Ch. IV. 1793
Thomas Abthorpe Cooper to William Godwin, 11 March 1793

Contents Vol. I
Ch. I. 1756-1785
Ch. II. 1785-1788
Ch. III. 1788-1792
Ch. IV. 1793
Ch. V. 1783-1794
Ch. VI. 1794-1796
Ch. VII. 1759-1791
Ch. VII. 1791-1796
Ch. IX. 1797
Ch. X. 1797
Ch. XI. 1798
Ch. XII. 1799
Ch. XIII. 1800
Contents Vol. II
Ch. I. 1800
Ch. II. 1800
Ch. III. 1800
Ch. IV. 1801-1803
Ch. V. 1802-1803
Ch. VI. 1804-1806
Ch. VII. 1806-1811
Ch. VIII. 1811-1814
Ch. IX. 1812-1819
Ch. X. 1819-1824
Ch. XI. 1824-1832
Ch. XII. 1832-1836
Portsmouth, March 11, ’93.

“I gave my mother all the information you require in the letter I sent yesterday, and I thought that might save the additional trouble and expense of postage, for I have a great deal to do. Though I play seldom, whenever I play I have to study the character; but as necessary information cannot in London be conveyed half a mile, I will with pleasure endeavour to do it from seventy miles’ distance. You desired to be acquainted with some of the gentlemen of the company. Their names are as follows:—Tyler, Curtis, Stanewix, Gill, Kelly, Woolley, Baker, Davies, Barrett; Mesdames Tyler, Maxfield, Kelly, Davies, Collins, Balls, and Lings. Mr Tyler is the chief singer, and has £1, 11s. 6d. salary a week. He plays, besides, in middling parts, is good-natured and rather formal, and about thirty-eight years of age. Mr Curtis is a kind of pompous fool, never seems to attempt anything in acting, stands always in one position, and as erect as if he had a spit thrust through him. Mr Gill is—nobody. Mr Stanewix is a young beginner—he has been but nine months on the stage. I do not well know what to make of him. His understanding is above mediocrity, but I believe he will never be a good actor. He plays French parts and fops. Mr Maxfield is the tragedy hero. It so happened that he did not till last night play one of his best castes, when he played ‘George Barnwell’ with some merit; but though this man is their Richard III., their Essex, &c., such is the nature of this company that last night, after playing ‘George Barnwell,’ he went on as a sailor in ‘Captain Cook,’ without a word to say, or anything to do. Kelly is a Jack in all parts—a young man who would have merit in some caste, if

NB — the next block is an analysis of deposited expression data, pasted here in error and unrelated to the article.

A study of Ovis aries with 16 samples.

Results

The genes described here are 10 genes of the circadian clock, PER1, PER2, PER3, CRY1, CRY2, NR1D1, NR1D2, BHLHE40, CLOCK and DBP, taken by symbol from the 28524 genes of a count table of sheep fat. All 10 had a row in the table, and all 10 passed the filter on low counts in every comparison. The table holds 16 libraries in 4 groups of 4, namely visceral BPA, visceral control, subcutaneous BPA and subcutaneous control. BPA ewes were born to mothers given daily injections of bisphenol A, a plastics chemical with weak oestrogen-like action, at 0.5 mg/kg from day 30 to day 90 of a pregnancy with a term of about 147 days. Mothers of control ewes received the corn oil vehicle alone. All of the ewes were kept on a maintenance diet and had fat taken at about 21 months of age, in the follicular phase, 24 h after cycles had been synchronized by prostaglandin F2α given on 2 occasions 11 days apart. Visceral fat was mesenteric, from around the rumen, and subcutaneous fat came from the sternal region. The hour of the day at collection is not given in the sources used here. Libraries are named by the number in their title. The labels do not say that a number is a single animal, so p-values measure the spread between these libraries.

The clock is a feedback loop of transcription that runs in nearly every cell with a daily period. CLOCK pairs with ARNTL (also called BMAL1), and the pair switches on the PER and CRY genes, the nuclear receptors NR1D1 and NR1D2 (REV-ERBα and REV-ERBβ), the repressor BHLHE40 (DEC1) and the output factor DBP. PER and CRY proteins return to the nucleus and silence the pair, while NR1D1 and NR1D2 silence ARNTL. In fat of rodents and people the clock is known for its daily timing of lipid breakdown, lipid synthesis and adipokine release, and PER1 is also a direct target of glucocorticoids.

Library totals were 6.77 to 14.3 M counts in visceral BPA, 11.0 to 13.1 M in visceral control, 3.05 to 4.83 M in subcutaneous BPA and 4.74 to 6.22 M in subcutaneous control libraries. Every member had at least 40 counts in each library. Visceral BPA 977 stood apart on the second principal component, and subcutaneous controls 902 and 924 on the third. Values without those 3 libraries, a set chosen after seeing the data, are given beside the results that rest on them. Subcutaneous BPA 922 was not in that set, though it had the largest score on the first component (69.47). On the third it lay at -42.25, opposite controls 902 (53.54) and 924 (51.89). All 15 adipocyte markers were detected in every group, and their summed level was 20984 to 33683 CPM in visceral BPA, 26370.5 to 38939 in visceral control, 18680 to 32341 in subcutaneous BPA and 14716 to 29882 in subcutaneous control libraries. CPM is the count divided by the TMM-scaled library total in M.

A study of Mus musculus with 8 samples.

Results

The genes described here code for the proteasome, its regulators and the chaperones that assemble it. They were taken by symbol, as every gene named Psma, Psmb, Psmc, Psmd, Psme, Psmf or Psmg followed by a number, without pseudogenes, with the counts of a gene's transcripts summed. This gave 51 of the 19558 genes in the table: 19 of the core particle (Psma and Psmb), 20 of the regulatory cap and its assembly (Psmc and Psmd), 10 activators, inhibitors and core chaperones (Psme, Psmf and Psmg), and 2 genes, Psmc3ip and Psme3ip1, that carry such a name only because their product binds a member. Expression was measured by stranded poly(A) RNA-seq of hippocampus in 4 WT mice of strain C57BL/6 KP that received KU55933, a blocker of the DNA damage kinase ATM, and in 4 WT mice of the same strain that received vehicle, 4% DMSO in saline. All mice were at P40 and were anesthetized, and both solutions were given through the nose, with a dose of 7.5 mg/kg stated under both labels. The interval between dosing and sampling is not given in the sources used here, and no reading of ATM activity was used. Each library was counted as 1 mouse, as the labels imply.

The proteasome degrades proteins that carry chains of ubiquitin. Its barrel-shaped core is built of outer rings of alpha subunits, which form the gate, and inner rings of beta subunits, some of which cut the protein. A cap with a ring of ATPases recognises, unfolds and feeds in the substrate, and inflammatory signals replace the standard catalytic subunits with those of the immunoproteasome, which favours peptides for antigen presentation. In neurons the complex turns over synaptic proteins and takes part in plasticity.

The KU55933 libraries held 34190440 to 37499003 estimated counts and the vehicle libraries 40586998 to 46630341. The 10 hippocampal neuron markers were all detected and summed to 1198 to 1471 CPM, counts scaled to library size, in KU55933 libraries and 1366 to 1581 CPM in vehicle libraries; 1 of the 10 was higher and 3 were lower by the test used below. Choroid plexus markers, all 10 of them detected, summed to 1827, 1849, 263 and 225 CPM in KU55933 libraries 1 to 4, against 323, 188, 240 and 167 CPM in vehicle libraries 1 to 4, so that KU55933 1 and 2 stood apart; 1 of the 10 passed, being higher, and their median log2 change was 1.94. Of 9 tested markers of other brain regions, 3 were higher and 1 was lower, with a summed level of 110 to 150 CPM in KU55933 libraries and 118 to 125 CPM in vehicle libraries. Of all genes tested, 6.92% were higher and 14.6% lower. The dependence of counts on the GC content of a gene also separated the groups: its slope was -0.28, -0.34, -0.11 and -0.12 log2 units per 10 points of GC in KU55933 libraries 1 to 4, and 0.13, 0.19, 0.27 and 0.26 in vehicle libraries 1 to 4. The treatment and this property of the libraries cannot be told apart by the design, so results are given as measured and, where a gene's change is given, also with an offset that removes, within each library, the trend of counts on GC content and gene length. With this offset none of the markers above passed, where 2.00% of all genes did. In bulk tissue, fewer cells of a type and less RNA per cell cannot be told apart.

he did not undertake all. Woolley, Baker, and Davies are low comedy men, and all have an equal and middling share of merit. Perhaps Woolley is the best. Barrett is the auxiliary to the company in the same manner as Holman was, but in my mind a very bad actor. He is about forty-seven years of age, plays genteel comedy, Plune, Kerger, Lord Townley, &c. He has been a manager somewhere, played ‘
Don Juan’ at the Royalty, and is six foot high. He is a wit, but of all the dull who profess that character, I never knew a duller. I will give a specimen. Somebody asked whether Mrs Inchbald’s play was cast. Another replied that if he had the direction of it, it would be cast into the fire. ‘Then,’ rejoined Barrett, ‘it would be an outcast.’ He was complaining one day of a dilemma to which he was reduced. ‘I am in a damned scrape; I almost think I am a fiddle, I am in such a scrape,’ running his stick backwards and forwards across his arm by way of illustration. When Mrs Davies, Mrs Laing, and Mrs Rivers are mentioned, I have mentioned all the women who are not non-entities. I have, since I wrote last, played Worthy and Philip in ‘The Brothers.’ The salary is only 15s. a week, not to me only, but to everybody except Tyler and Barrett. Next week is Passion Week, during which there are no plays, and no pay.

Thomas Cooper.

“I expect every day to be pressed, and neither appearance nor friends can save me. Masters of houses have been taken away. I know a common sailor who sometime ago was a player.”